I’ve been busily digging through the glass again after coming back from the winter break and, as a keen preserver and jam-maker, I was intrigued by two fragments in particular.
Wax Seal Glass Jars
The first one looks like this:
It’s part of the rim of an aqua canning jar with what’s called a groove ring wax seal finish. The finish is the part around the opening of a glass vessel and particular types of finish are associated with particular types of closures. An external thread finish, for example, is commonly used today on jars which have screw on metal or plastic lids.
Since finishes can be quite distinctive, it is sometimes possible to use them to infer the date or contents of a glass bottle or jar. In this case, we know that wide-mouthed vessels with a groove ring wax seal finish are canning jars, sold either for home preserving or sometimes with contents inside them.
The groove ring wax seal finish was closed by putting melted wax in the groove and then placing a metal or glass lid over the top of the jar and pushing it into the wax to create a seal. To see some whole examples, take a look at the canning jars section of the SHA Bottle Identification Website.
This type of jar was in use for much of the nineteenth-century and even into the twentieth century, but they were most popular from the 1850s to the 1870s which means there is a good chance that this jar was used by someone living at the Chinatown.
When I was little I remember visiting friends’ houses and being fascinated by plain drinking glasses decorated with colorful cartoon characters. Their lives as drinking glasses was actually a reincarnation; the jars were sold originally for their contents. Filled with jam or peanut butter or other spreads, the jars were designed to be attractive enough for pocket-conscious consumers to repurpose as tumblers. It’s not hard to imagine kids trying to finish off the last of the grape jelly to be able to collect the next character in the lineup!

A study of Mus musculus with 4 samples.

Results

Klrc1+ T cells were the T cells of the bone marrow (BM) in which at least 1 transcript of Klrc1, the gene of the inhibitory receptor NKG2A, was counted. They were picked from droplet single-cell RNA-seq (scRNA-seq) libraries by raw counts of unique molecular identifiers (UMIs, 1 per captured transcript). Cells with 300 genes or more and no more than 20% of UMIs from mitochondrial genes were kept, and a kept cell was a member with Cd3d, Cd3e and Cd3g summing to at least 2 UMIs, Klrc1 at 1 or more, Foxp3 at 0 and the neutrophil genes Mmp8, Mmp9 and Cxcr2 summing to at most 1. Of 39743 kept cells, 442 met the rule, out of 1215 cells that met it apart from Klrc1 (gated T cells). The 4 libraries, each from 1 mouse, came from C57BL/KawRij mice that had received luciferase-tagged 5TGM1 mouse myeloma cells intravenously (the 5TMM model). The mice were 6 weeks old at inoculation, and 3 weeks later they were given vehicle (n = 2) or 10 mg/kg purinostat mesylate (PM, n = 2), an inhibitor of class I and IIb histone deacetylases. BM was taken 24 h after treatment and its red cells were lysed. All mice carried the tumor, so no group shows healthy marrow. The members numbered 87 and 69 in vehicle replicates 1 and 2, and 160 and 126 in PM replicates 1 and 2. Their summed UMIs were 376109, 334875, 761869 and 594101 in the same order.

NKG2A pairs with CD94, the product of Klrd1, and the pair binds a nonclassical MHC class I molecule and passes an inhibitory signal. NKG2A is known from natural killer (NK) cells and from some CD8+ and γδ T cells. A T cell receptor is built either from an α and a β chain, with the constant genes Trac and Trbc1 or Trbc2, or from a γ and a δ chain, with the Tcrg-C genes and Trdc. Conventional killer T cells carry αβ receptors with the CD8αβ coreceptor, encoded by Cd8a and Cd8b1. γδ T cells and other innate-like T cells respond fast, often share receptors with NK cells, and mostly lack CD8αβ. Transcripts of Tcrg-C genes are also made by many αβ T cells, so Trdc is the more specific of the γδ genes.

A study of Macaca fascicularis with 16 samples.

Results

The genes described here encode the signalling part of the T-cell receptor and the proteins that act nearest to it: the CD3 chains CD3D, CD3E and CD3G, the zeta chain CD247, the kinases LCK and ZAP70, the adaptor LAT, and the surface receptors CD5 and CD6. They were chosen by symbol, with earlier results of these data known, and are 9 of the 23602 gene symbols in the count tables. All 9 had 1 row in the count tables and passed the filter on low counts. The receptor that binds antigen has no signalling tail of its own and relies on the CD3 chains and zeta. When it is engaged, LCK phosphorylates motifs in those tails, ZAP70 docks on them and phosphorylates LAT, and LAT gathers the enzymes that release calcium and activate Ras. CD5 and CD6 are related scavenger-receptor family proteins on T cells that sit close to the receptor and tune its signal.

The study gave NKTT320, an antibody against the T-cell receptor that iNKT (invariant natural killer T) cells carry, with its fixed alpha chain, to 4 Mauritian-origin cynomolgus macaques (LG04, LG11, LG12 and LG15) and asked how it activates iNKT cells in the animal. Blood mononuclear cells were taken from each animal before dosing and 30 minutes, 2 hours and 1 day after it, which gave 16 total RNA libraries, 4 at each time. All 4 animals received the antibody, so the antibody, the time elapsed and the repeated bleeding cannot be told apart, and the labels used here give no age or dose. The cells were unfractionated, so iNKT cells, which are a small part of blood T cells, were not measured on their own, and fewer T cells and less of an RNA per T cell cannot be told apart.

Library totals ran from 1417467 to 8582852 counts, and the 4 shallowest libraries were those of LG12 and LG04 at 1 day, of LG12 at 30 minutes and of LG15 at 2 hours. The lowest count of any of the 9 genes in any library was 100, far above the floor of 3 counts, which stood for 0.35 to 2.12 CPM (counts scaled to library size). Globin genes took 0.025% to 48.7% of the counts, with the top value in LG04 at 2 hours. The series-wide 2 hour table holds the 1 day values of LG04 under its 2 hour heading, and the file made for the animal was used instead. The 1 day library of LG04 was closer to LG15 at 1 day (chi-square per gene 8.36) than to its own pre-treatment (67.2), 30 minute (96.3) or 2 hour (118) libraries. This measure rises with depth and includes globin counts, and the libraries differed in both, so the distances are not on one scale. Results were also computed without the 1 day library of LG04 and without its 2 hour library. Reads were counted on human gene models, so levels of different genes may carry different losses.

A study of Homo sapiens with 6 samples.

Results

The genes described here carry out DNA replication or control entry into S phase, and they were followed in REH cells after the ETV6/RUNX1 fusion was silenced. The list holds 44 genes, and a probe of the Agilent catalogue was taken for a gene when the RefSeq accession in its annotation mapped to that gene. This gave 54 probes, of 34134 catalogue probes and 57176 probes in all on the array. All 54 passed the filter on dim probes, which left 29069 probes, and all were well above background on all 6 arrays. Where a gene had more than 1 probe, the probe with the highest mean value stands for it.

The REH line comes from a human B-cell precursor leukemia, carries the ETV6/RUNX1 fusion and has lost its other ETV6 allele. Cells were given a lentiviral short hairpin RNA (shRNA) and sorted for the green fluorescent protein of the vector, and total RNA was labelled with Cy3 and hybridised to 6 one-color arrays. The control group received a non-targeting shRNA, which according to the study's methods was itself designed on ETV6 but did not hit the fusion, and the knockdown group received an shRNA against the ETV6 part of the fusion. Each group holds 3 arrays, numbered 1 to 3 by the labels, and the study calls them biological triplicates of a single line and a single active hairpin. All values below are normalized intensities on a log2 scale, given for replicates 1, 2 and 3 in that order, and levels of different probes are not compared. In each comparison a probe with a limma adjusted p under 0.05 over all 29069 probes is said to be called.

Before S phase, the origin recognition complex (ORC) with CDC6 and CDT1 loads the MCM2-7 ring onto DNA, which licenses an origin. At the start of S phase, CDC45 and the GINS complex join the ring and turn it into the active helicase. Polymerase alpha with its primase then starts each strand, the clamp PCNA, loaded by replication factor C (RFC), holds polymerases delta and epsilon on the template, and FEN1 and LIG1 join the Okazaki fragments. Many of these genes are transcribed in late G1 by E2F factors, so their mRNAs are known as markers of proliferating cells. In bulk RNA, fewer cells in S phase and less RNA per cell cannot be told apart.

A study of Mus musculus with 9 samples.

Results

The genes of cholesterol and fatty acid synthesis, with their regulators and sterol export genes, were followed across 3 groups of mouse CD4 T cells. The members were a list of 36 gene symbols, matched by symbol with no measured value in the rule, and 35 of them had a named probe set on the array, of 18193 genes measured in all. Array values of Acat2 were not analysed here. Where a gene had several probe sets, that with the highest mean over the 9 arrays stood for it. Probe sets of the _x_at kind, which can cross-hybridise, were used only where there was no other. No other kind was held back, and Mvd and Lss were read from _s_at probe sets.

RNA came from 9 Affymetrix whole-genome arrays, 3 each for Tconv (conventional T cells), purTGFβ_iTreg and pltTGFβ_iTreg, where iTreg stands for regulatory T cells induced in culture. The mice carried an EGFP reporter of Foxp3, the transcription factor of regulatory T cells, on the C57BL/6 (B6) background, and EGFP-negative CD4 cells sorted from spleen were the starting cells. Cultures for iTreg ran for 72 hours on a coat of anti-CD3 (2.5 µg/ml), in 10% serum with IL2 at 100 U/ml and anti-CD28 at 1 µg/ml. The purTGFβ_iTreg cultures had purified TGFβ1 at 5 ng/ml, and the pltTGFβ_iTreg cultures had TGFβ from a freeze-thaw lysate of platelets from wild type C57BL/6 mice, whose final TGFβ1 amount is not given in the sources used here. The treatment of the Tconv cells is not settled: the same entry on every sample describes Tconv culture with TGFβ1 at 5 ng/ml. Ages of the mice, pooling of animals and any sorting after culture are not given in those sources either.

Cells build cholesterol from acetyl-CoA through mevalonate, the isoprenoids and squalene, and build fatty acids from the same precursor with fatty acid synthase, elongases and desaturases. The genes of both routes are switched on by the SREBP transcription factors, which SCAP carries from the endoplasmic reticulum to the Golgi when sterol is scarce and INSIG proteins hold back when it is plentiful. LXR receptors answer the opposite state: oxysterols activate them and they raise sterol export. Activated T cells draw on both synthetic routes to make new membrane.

The earliest ‘packer’s tumblers’, as they’re known by archaeologists, were more utilitarian in design with no decoration or maybe simple flutes or a few lines of fine vertical ridges beneath the rim. These vertical lines are a sign that the jar used a particular type of lid called an Anchor Cap closure which was introduced in the 20th century.
In the Market Street Chinatown Archaeology Project collection, I’ve just found our first packer’s tumbler which is a little bit unusual with five lines of these vertical ridges (1-3 lines is more common). Probably in use between 1908 and the 1960s, this jar reminds us of the site’s history after the catastrophic fire in the Chinatown and points to a gradual shift from home-preserving to purchasing packaged food products.
For more information and other examples of this type of jar, check out this post on the MSU Campus Archaeology Program’s blog called Not Ready for this Jelly Juice Glass or the examples of packer’s tumblers from the Diagnostic Artifacts in Maryland site.